Wildlife & Biodiversity

Infighting and infections led to 4 tigers’ deaths in Dudhwa in two months, finds autopsy

Investigation reveals lapses such as shortage of staff and lack of patrolling, leading to poor monitoring

By Himanshu Nitnaware, Anushree Pratap
Published: Wednesday 12 July 2023
Photo for representation: iStock

The postmortem examination reports of the four tigers who died in Dudhwa Tiger Reserve in Uttar Pradesh within two months has revealed the cause of their deaths.

Between April 21, 2023 and June 9, 2023, four adult tigers — three male and a female — reportedly died due to various reasons, a forest official said. The incident compelled the UP government to initiate an investigation and transfer officials responsible.

The primary investigation revealed lapses in patrolling and monitoring of the wild cats.


Verma said two of the tigers died due to injuries while fighting with other tigers in separate instances. “The other tigers were injured in the process and are still recovering,” he said.

These fights were a part of the natural traits of the wild animals, Verma said. “Tigers are territorial and often have disputes. The fights between these tigers seem to have arisen from that, resulting in clashes and eventual deaths due to injuries,” he added.

The other two tigers died due to infections. “Infections are caused and common among tigers especially when their immunity is weak or suffering with viral infection,” Verma said.

The infections and health issues of the animals went unnoticed, resulting in the deaths. “All these tigers were adults and in their prime,” he added.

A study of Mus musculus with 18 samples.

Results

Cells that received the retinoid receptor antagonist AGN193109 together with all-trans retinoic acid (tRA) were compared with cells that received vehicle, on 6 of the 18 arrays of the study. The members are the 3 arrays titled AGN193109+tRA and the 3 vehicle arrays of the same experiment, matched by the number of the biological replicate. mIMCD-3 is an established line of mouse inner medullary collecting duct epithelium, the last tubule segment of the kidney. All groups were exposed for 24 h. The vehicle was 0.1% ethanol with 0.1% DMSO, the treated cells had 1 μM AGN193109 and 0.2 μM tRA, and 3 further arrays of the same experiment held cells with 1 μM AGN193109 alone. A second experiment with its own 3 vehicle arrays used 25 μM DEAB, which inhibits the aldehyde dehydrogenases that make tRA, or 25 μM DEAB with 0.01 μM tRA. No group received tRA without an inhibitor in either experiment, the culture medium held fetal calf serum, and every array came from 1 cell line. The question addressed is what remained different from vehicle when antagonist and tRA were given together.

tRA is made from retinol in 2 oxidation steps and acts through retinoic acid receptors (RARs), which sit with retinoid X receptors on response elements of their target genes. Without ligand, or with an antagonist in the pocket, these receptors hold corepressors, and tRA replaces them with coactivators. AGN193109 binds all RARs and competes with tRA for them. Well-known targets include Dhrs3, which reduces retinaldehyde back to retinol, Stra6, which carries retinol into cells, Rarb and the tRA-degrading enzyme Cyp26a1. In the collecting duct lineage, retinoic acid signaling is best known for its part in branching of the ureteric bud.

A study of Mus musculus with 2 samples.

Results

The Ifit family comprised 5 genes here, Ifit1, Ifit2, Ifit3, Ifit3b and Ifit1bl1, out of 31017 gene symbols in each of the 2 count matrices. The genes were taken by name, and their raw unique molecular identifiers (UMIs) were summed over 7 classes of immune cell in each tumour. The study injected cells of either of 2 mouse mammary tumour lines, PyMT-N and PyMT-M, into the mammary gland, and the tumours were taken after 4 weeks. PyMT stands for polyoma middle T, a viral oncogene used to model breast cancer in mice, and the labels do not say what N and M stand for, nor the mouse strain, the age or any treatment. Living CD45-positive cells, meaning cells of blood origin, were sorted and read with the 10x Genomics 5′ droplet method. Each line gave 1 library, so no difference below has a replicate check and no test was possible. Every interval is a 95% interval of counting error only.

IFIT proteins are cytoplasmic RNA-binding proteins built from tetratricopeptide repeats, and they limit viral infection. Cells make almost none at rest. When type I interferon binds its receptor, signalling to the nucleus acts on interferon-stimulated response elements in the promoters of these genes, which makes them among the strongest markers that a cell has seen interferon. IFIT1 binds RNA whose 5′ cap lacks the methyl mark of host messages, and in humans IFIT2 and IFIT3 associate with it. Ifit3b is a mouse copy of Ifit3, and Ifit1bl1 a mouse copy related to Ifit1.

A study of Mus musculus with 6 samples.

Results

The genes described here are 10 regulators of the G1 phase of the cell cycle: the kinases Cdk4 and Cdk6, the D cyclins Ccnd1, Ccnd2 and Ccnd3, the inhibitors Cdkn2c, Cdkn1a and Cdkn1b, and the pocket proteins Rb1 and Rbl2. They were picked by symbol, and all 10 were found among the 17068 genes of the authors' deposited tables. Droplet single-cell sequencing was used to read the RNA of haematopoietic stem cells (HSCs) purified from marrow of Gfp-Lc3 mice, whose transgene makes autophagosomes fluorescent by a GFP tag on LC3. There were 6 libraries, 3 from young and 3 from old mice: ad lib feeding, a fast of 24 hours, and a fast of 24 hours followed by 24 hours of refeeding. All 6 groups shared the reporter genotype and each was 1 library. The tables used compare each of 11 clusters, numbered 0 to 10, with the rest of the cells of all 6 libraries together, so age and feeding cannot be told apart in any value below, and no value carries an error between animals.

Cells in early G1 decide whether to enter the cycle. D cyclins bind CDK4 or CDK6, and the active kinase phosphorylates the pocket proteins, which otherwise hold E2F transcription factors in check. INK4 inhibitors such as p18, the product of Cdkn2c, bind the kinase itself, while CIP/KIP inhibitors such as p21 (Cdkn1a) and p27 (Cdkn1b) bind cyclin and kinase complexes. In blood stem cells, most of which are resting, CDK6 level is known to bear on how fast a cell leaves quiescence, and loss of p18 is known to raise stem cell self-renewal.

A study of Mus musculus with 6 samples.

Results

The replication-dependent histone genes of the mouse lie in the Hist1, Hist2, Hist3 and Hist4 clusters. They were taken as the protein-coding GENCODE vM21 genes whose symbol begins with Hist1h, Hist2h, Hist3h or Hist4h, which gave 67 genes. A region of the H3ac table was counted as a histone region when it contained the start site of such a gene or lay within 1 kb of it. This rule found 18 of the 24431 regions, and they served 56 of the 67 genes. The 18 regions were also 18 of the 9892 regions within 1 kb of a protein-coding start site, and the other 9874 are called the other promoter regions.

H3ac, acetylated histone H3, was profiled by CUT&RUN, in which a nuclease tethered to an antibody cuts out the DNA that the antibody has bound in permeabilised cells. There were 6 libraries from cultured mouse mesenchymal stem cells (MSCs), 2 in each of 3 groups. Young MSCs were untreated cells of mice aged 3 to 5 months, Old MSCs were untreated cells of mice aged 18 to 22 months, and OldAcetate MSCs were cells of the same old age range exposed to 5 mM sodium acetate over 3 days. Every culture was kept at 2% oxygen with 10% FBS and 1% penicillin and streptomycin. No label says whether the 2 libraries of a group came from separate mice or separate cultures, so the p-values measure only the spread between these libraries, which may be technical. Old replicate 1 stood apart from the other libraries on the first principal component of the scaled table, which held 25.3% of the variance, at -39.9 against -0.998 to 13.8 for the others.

The investigation report also revealed a number of lacunae in the administration. The shortage of field staff and lack of patrolling in the tiger reserve, was also highlighted by the report.


At present, the tiger reserve is operating at a capacity of 40-45 per cent of the total staff. “We expect to have recruitment for more than 200 staff to fill the positions and efficiently operate the tiger reserve,” he said.

The Dudhwa National Park, part of the tiger reserve, is closed due to the monsoons at the moment. “Patrolling is in full swing to ensure safety and protection of tigers,” said Verma.

However, locals suspect the tigers who died of infection were injured by iron nails.

Forest officers put thick nails around the borders of the National Park to prevent villagers entering the protected area, said Pratap Singh, community member living around Dudhwa.

“These nails also hurt the tigers if they accidentally step on them. This is particularly in case of the newly acclimatising tigers who are shifted from one area to the other,” Singh said, adding villagers have witnessed such incidents.

Sahvaniya, resident of a village near the National Park, also agreed the nails harm tigers along with electric fences and other materials meant to keep the villagers and their animals out.


However, Verma said such instances affecting the tiger population is not possible. “Tigers are physically strong animals and mainly confined to the forest areas. These nails are at the edges of the forest and tigers rarely move towards those areas as they avoid any human disturbance,” he said.

Such phenomena can be possible for animals like leopards, who have a tendency to move between forest areas and urban or human dwellings, Verma added.